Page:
A 2011 New Jersey law requires skiers younger than 18 to wear helmets.

Do Kids Need a Helmet for Skiing?

by Susan Sherwood

Helmets have become common gear for kids on ski slopes. Sometimes this is by parental choice; sometimes it's required by law. A recent push by certain states to make wearing helmets mandatory has largely been successful; in 2012, 80 to 90 percent of kids wore them, according to ABC News. Still, helmet use is not universally supported; people argue for and against this safety precaution intended to protect little heads.

1. Arguments Against

Not everyone speaks out in favor of helmets. Instructors at some ski resorts are required to hold back their opinions, leaving the decision up to the parents. Therefore, the resort is not held liable if a child is injured while wearing a helmet. Even well-fitting gear cannot protect against every contingency. Helmets do not guard against carelessness, and some skiers take more risks when their heads are covered. In addition, helmets limit peripheral vision. Generally, helmets are designed to safeguard against impacts at speeds less than 15 miles an hour, so faster skiers have reduced protection.

2. Arguments For

Helmets cannot protect against all head injuries, but they are especially useful for kids. They tend to ski at relatively slower speeds, and that's when helmets offer the most protection, according to LidsonKids.org. Though faster skiers are at greater risk, a helmet can still reduce the severity of an injury caused by a collision or a fall. When falling, a skier usually hits the side of the head, and a helmet covers that area. Helmets reduce the possibility of head injuries by 20 to 50 percent. A severe injury can be lessened, while a minor concussion can even be prevented.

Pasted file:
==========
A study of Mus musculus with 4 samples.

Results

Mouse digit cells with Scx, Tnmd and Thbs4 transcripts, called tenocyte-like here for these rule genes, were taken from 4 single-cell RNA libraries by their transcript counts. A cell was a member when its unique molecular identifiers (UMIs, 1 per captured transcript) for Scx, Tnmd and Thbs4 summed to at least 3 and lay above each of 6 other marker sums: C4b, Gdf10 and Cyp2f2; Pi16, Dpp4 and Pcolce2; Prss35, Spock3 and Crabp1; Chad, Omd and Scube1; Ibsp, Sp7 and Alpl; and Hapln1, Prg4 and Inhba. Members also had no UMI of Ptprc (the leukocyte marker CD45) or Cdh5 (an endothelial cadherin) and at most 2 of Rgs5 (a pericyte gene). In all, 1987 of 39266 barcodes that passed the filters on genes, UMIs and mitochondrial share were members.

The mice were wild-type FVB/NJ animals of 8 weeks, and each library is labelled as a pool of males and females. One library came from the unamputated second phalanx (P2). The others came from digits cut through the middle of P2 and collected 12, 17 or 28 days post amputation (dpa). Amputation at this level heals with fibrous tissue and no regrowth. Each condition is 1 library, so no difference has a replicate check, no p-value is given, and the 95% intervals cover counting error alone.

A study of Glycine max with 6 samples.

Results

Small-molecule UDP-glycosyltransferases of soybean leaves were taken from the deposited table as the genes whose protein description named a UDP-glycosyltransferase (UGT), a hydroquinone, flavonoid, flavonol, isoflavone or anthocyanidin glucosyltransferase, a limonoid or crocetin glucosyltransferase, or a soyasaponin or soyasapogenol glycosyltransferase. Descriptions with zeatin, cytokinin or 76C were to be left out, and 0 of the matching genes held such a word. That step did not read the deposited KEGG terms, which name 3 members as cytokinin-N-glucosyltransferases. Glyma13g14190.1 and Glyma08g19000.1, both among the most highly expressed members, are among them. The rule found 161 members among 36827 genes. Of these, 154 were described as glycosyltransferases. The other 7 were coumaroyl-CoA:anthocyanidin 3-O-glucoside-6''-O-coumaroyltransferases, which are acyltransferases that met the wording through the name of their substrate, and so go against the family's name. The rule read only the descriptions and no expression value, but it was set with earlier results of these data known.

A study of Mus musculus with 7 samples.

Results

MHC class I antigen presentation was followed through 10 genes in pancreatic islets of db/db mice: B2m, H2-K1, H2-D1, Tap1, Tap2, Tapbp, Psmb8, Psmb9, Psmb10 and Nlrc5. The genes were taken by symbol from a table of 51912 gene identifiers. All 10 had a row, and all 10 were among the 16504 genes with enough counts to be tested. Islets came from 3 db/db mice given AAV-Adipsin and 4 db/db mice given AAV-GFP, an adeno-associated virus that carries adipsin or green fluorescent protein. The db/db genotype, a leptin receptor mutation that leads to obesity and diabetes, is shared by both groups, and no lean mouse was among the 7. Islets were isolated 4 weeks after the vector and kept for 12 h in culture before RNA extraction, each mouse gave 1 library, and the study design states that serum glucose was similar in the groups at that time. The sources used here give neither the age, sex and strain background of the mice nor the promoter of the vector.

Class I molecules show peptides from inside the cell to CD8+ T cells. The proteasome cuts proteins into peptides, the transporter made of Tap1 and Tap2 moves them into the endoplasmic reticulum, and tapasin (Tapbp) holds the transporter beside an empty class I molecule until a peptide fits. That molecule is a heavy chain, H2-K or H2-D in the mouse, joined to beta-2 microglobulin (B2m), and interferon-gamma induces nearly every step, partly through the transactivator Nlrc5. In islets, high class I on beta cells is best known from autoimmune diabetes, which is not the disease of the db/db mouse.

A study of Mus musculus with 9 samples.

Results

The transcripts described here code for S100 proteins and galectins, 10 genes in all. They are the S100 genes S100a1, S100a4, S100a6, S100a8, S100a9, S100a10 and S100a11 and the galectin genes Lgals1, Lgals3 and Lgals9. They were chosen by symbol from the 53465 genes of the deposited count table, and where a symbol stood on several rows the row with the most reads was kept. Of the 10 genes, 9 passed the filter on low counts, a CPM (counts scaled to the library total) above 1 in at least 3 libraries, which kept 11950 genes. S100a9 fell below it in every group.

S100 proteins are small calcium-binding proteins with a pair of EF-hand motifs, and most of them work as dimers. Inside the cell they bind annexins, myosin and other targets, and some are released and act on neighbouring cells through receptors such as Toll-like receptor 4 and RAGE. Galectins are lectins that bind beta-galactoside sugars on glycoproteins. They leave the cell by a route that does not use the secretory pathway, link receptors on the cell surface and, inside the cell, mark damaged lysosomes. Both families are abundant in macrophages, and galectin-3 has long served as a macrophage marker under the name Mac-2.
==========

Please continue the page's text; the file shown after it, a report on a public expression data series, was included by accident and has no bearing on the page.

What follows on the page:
3. Type of Helmet

If you choose to have your kids wear a helmet, select one designed specifically for snow sports; bike helmets do not offer appropriate protection or warmth on the slopes. Be sure the helmet meets the safety standards of the Common European Norm, the American Society of Testing and Materials or the Snell Memorial Foundation. The U.S. Consumer Product Safety Commission approves of the standards set by the first two organizations. Although the Snell Foundation standards are not specifically recognized by the CPSC, they are stricter than the guidelines of the other groups.

4. Helmet Fit

To provide the best protection, helmets must fit properly. They are not inexpensive, but parents should not treat a helmet like a sweatshirt a kid will grow into. A helmet must be sized correctly from the start. An employee at a ski shop is knowledgeable about fitting gear. Helmet manufacturers make sizing charts based on the circumference of the head above the eyebrows. Try the helmet on with goggles so you know the entire forehead is covered. Make sure the helmet allows air to flow freely, is comfortable and does not obstruct vision.

About the Author

Living in upstate New York, Susan Sherwood is a researcher who has been writing within educational settings for more than 10 years. She has co-authored papers for Horizons Research, Inc. and the Capital Region Science Education Partnership. Sherwood has a Ph.D. in curriculum and instruction from the University at Albany.